Last year, when the UK entered lockdown for the first time, my initial view was that it might even make life easier for public affairs consultants because MPs and officials who were now stuck at home just like the rest of us would have more time to talk.
I was wrong, and three things in particular made things tougher, rather than easier.
First, it actually became harder to secure client meetings online with politicians and officials than it had been to get face-to-face meetings before the virus, as many pleaded that they were now busier than ever before dealing with an increased load of virus-related case work. And though they shall remain nameless, some ‘senior’ MPs even operate a blanket ‘no videoconference’ meetings policy.
Second, as far as officials were concerned, especially in local government, it actually became much harder to make the first contact with them, as town halls and offices up and down the country became ghost towns and a surprisingly large number of officials failed to have call divert set up to their mobile phones.
Third – and most importantly – even when online meetings were secured, it became apparent that the kind of progress that we had come to expect from physical meetings was often not as easy to achieve in video calls.
I think that is because such calls were almost invariably on-the-record and so the kind of insights that you would normally expect to gain from an informal Chatham House rules discussion were secured much less frequently.
Senior officials and parliamentarians in particular have been much more guarded during multi-person video calls than they would have been, for example, during a discreet one-to-one conversation held in the margins of a Parliamentary round-table meeting.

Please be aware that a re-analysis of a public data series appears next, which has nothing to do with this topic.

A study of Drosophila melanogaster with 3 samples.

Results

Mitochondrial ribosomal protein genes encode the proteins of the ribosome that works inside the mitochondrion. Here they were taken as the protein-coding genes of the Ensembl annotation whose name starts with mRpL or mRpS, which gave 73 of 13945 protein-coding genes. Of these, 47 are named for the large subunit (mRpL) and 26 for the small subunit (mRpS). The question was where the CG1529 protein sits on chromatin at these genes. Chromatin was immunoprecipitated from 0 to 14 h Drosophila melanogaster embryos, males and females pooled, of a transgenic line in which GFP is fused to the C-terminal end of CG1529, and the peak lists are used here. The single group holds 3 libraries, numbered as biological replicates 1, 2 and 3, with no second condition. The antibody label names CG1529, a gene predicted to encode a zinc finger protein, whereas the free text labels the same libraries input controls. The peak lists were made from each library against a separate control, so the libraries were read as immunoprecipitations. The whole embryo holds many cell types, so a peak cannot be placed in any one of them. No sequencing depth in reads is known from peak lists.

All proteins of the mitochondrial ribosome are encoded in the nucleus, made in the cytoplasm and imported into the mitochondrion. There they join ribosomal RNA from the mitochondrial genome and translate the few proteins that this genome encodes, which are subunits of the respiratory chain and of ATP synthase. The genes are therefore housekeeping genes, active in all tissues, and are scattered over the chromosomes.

Another thing that has become clear is that securing a commitment to action from MPs online has become harder than it was in the past. Experience has shown what psychology could have told us – namely that it is easier for all of us to be non-committal when we are not in the same room as the person making a request. Polite persistence by a consultant over time may eventually secure the desired result, but it just seems to take much longer than before.
I don’t want to overstate the case. Thanks to the technology we have been able to go on having helpful discussions in a way that we perhaps could not have imagined before the virus and, with consistent application, those discussions have regularly delivered substantive achievements for clients that have been of real value to them.
We will go on delivering that because we are all in the persuasion business. But if we think about how we generally persuade key stakeholders to support our clients’ objectives it quickly becomes apparent that creating understanding, trust and empathy is so much easier when we can meet those stakeholders in person and build relationships over time.
The principles of persuasion, identified, for example, by US psychology professor, Robert Cialdini, in The Psychology of Persuasion, are universal and still apply online but the hard truth is that they are far easier to apply when we are in the same room as those we are seeking to persuade.
Looking for some positives, I have certainly been more far more productive as a result of not having to join the morning rush hour to travel to central London. As a “morning person” (like 80% of the population, according to Daniel Pink’s brilliant When: The Scientific Secrets of Perfect Timing) I have been able to achieve much more for clients spending this time productively at home, rather than wasting time travelling.
Nevertheless, the truth is that the last 18 months have been a slog. We have got through it and now I am looking forward to being able to be out and about again, lobbying, networking and pressing the flesh: lobbying after lockdown – I can’t wait.